Global researchers give thumbs up to advanced biomass gasification
Conventional and advanced biomass gasification is a promising and economically beneficial technology, according to a new study by a global team of researchers.
A new review paper published in journal Energy & Environmental Science presents a case for biomass gasification as a promising, viable and economically beneficial technology for fuel and energy.
Until recently, very few biomass gasification processes have proven economically viable but this paper shows how new advancements and refinement processes have pushed the technology to the forefront of potential sources of sustainable renewable fuel.
In the paper, titled "An overview of advances in biomass gasification", the authors provide a holistic view of the current research, development, deployment and provide insights into the future of biomass gasification. The study was led by researchers from London-based Imperial College and China-based Tsinghua University, together with researchers from The University of Sydney and Cranfield University.
Greenhouse gas emissions from the burning of fossil fuels for power generation are one of the main contributors to climate change.
Research is increasingly looking for ways to target the switch from conventional to renewable power sources (such as biomass, solar, wind, hydroelectric). A major advantage of biomass over other renewable sources is that it is less dependent on aspects such as location and climate, according to the researchers. Biomass is also easily storable and transportable.
“Biomass gasification has great potential to be a major player in the future as an alternative, renewable power source,” said Paul Fennell, reader in the Department of Chemical Engineering and one of the lead authors on the research.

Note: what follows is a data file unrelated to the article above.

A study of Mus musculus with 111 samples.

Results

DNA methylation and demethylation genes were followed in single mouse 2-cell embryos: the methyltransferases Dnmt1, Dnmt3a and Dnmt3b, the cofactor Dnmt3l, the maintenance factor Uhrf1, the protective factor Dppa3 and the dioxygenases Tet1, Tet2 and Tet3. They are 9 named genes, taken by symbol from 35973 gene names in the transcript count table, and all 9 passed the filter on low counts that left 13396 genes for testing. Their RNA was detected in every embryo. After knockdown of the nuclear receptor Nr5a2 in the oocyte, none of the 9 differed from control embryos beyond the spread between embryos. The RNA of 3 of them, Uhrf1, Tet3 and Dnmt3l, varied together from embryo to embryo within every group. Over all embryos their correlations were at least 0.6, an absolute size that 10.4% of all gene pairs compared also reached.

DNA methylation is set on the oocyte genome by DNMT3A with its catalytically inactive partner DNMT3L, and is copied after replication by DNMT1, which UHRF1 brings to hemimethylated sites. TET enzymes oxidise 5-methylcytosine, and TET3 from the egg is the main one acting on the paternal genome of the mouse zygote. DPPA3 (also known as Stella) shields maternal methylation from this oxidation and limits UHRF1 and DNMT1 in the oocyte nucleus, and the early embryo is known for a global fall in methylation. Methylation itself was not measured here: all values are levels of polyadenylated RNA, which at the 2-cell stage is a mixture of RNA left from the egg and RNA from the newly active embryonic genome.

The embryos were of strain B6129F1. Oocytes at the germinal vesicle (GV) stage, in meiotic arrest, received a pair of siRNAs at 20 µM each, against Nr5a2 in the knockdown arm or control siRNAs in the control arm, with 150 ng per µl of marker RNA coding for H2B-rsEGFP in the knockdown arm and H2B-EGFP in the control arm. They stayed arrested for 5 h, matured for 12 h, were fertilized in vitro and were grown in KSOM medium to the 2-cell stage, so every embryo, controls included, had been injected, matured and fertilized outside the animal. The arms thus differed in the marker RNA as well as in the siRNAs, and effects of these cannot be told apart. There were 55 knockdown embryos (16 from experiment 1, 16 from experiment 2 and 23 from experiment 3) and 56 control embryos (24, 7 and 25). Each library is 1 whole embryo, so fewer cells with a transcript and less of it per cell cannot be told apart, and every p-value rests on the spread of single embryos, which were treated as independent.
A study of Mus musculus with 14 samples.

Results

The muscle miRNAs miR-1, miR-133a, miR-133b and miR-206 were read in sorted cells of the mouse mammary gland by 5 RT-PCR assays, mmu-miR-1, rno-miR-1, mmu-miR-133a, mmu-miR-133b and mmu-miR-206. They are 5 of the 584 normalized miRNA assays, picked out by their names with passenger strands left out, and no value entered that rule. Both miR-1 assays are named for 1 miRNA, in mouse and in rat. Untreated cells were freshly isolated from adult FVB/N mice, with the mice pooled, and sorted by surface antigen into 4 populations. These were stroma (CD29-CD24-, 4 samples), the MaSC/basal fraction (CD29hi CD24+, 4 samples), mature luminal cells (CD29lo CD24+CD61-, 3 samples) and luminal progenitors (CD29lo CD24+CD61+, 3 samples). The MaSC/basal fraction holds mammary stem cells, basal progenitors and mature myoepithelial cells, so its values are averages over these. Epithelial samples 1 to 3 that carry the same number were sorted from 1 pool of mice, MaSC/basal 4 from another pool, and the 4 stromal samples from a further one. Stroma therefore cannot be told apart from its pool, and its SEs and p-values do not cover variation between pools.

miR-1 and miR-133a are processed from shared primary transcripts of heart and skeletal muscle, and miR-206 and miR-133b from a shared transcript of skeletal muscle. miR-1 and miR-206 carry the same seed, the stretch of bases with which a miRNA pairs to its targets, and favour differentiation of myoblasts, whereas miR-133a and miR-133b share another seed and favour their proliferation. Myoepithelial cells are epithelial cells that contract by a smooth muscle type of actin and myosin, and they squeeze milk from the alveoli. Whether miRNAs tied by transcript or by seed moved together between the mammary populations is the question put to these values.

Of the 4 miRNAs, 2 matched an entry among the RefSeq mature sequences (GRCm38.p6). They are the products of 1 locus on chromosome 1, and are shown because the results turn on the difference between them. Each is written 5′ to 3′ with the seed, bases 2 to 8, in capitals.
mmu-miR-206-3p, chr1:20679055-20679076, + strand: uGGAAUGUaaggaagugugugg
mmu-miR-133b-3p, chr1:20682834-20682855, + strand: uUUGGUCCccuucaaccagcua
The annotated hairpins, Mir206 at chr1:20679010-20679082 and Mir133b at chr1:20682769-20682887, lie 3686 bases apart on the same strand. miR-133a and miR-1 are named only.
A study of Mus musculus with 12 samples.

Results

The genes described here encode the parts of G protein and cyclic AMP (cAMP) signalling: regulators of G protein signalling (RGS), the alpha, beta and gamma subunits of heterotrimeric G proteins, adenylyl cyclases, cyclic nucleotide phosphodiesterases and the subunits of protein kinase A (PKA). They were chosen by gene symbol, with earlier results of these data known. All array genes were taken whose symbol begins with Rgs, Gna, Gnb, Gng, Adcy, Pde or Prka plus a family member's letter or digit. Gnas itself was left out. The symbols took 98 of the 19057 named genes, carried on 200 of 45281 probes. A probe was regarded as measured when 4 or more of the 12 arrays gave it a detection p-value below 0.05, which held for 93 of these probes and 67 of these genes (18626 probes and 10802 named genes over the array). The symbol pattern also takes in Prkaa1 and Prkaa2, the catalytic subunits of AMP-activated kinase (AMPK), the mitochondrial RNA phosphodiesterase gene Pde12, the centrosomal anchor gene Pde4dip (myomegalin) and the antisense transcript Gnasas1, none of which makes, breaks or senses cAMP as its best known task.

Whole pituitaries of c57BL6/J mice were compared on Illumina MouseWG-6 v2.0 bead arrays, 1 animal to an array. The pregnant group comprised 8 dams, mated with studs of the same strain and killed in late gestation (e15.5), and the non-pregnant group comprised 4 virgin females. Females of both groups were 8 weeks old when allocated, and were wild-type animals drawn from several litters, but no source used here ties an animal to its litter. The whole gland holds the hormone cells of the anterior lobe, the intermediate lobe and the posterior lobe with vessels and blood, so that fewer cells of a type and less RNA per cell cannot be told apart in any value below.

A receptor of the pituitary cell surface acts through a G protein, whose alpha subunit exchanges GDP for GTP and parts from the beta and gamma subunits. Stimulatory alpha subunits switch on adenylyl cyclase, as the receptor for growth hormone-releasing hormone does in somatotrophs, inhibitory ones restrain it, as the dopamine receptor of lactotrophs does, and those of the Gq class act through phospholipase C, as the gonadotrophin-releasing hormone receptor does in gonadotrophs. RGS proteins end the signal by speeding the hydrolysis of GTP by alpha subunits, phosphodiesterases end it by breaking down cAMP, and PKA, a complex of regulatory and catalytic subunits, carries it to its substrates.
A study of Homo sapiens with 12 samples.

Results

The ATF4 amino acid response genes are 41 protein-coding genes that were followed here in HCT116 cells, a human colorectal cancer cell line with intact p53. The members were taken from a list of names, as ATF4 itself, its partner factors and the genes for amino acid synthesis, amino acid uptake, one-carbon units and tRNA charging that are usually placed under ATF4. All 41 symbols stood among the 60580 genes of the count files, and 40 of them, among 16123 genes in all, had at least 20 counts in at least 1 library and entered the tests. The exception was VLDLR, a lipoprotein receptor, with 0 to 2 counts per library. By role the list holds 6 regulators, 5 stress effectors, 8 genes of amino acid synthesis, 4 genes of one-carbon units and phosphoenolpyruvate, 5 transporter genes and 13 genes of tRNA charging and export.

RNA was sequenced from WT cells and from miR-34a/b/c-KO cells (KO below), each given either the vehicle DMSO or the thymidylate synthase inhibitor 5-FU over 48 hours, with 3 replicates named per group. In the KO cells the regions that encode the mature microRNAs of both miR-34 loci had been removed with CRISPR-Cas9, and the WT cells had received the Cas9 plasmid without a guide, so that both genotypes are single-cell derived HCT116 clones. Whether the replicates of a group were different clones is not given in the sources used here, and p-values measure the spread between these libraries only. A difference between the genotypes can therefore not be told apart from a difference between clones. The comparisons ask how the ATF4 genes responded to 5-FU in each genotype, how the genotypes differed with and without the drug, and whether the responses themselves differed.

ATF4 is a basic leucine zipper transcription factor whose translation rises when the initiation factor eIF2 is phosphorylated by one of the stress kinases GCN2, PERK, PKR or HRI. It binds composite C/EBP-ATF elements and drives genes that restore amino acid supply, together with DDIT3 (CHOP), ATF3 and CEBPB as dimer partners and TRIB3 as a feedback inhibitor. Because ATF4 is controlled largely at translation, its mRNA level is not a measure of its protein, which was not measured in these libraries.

Future energy mix
Furthermore, according to the industry experts, biomass is abundantly available and has a lower environmental impact than fossil fuels and for this reason both underdeveloped and developed countries are focusing on utilising it as part of their future energy mix.
These advantages make biomass energy one of the most widely explored research fields in energy and environmental science: the major driver is to exploit low-cost feedstocks, to increase process efficiency and to decrease installation and operational costs.
One important aspect of biomass gasification is that it can use waste biomass and convert it into fuel. In contrast to conventional methods which involve burning, gasification can produce a clean fuel gas, containing mainly carbon monoxide, hydrogen and methane. This can subsequently be upgraded to a liquid fuel using the Fischer-Tropsch process.
Fennell said: “What we’ve shown is that biomass gasification is a very promising technology for the production of renewable energy. With the right tools, approaches and advancements we can make sure that it is utilised in a cost-effective manner, with minimal social and environment impacts. It has great potential to be a major player in the future as an alternative, renewable power source.”
The paper was co-authored by nine world-leading experts, four researchers from the Department of Chemical Engineering at Imperial College London: Peter Clough and Joseph Yao (Postgraduate students), Professor Nilay Shah (Professor of Process Systems Engineering) and Paul Fennell (Reader in Clean Energy).